IBM is diving deeper into healthcare, as it seeks to acquire Truven Health Analytics for $2.6 billion, the company announced Thursday.
The deal, expected to close later this year, marks the fourth acquisition IBM's Watson Health unit has made since it was formed in April 2015. Big Blue is aiming to add a broader data set, an extensive client roster, and a large team of medical related professionals through the Truven acquisition.
Truven, owned by Veritas Capital, is a provider of cloud-based healthcare data analytics, with 8,500 clients ranging from US federal and state agencies to hospitals, health plans, clinics, life science companies, and employers.
IBM, via the deal, will also be gaining 5,000 employees, including clinicians, epidemiologists, healthcare administrators, statisticians, policy experts, and healthcare consultants.
"With this acquisition, IBM will be one of the world's leading health data, analytics and insights companies, and the only one that can deliver the unique cognitive capabilities of the Watson platform," said Deborah DiSanzo, general manager for IBM Watson Health, in a statement. "Together, we're well positioned to scale globally and to build first-in-class offerings designed to help our clients apply cognitive insights in a value-based care environment."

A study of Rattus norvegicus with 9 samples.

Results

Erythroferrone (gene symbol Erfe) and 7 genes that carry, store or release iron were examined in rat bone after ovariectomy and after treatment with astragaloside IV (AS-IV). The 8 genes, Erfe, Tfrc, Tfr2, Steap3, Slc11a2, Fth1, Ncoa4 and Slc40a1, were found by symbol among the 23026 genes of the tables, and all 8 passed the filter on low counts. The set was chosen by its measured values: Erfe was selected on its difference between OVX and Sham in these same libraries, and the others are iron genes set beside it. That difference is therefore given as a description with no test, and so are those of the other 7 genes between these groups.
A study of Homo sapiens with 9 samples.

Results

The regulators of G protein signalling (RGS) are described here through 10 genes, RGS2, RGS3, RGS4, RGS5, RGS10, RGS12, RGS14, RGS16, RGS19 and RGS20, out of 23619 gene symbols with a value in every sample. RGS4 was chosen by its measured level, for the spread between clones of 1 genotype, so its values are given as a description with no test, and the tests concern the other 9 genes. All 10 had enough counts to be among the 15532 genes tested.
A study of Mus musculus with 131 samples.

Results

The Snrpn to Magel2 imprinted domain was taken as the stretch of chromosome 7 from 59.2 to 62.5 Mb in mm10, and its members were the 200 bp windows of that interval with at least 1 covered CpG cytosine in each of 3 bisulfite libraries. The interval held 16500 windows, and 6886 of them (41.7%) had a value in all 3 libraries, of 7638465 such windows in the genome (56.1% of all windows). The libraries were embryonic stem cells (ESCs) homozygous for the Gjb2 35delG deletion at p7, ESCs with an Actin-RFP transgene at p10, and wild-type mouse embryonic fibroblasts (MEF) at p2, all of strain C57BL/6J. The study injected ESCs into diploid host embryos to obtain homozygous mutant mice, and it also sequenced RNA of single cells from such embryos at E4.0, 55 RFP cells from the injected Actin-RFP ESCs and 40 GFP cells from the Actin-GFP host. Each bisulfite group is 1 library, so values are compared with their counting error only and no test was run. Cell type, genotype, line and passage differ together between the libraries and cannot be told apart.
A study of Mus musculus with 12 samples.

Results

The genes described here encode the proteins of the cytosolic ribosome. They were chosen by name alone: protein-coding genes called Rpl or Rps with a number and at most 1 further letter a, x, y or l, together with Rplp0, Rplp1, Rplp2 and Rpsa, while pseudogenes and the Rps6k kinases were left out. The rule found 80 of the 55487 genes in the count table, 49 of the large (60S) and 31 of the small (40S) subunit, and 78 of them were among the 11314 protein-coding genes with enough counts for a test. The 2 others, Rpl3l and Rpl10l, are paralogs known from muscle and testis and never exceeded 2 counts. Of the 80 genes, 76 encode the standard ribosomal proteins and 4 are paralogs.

Since launching Watson Health less than a year ago, Big Blue has acquired Merge Healthcare, a medical imaging software company; Phytel, to manage the health of various populations; and Explorys, a cloud-based healthcare intelligence company.
Through these acquisitions, IBM's Watson Health Cloud merged previously disparate data sets and can provide healthcare professionals with the means to glean information to make decisions. The combined data sets from these three previously acquired companies represent approximately 300 million patients' lives.
Watson Health targets healthcare providers that rely on value-based care models that need data and insight to document how certain types of patient care contribute to reaching a desired healthcare outcome for a given cost, versus a traditional fee-for-service healthcare model.